Where does the time go?! I can’t believe it’s March already! It’s been a busy few weeks around here, and some of the things I usually do (like blogging) have had to take a backseat to life. That happens for most of us from time to time, but it happens more routinely for those of us with fibromyalgia or another chronic illness. Sometimes we have to let go of the things we “usually” do in order to manage our pain and/or energy levels.
Learning to be flexible is key in thriving within this “new normal.” Most of you already know I’m a list person — I like having my to-do list and checking it off. When we live with chronic illness, that doesn’t always work out. I’m learning, slowly but surely, not to be married to my plan.
It’s great to have a plan, but it’s important to allow some flexibility.
Why is being flexible so important?
Being flexible and adapting to changing circumstances can help us build resilience. As we talked about in Bend or Break, “becoming more flexible can help us become more resilient, more likely to bend than to break, and more capable of living our best life.” We become better able to work within our limitations and adapt ‘on-the-fly’ to whatever life throws at us.
Learning to be more flexible can keep us from becoming derailed when we hit a ‘bump.’ This goes hand in hand with building resilience. As I’ve mentioned before, I’ve worked with clients who, because they were so locked into the “all or nothing” mentality, one little ‘bump in the road’ could completely derail them. When we live with chronic illness, we hit a lot of ‘bumps.’ Learning to take these in stride and work around them helps us continue to move forward.
It can help alleviate some of the guilt associated with not getting everything done. Almost anyone who has lived with chronic illness or a chronic pain condition for any length of time experiences guilt because of the things they can’t do. If we can mentally allow ourselves some flexibility, that goes a long way toward easing those feelings of guilt when we can’t accomplish something we “should” do.
Flexibility doesn’t always come naturally to us. For those of us who have Type-A personalities (anyone else with me?) can often have the most trouble being flexible. I thought I’d share a few things that have helped me.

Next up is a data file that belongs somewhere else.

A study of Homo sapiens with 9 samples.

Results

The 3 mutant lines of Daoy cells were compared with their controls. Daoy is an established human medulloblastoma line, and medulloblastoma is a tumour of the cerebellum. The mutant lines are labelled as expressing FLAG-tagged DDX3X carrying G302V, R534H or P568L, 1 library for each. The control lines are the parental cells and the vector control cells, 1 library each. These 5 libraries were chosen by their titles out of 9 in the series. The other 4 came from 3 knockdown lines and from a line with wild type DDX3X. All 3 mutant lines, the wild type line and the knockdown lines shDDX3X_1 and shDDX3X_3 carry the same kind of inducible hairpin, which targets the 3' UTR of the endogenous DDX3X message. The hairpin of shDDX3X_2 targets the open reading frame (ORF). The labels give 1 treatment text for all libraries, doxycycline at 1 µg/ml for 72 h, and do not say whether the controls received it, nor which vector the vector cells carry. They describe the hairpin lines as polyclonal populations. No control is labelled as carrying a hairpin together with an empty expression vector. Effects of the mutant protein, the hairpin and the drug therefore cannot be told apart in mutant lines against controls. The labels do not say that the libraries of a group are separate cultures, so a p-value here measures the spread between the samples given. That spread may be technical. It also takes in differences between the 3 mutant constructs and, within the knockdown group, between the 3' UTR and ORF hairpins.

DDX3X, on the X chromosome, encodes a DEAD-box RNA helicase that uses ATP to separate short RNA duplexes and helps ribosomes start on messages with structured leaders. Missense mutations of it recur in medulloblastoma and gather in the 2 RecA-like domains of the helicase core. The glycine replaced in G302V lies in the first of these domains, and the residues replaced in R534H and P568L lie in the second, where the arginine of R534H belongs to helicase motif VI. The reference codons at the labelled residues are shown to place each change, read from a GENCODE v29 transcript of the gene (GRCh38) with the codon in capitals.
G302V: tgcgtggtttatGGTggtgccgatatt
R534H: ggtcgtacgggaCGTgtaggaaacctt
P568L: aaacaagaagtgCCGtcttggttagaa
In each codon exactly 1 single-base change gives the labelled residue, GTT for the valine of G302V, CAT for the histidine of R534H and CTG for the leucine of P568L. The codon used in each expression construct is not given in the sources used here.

Ways to Improve Adaptability
Give yourself permission to let go of some things when you need to. Sometimes the mental aspect of having to let go of the idea that we can do it all is difficult. We’re such a society of ‘doers’ that it’s hard to admit we can’t get everything done.
Take an if/then approach. “If I can’t do this, I’ll do this instead.” Sometimes we can’t do what we planned, but we can do something else that requires less energy, time, etc. That helps us feel we’ve accomplished something, even if it’s not what we originally planned.
Give yourself more time than you think you need to get things done. If we build in extra time (for deadlines, for task completion, etc.) we have more flexibility to just take the time we need for recovery days, etc.
Realize that sometimes you just have to sacrifice the ‘good’ for the ‘better.’ Sometimes we just have to let go of some things if we’re going to really thrive. This isn’t an easy lesson to learn, but it’s an important one. We have to come to terms with the fact that in this “new normal” we live in, we will often have to choose between ‘good’ and ‘better.’
Learning to be more flexible and adaptive can help us truly thrive, not just survive, when we live with chronic illness.
Do you feel being flexible is important for successfully dealing with your chronic illness? What helps you adapt to changing circumstances? Please share!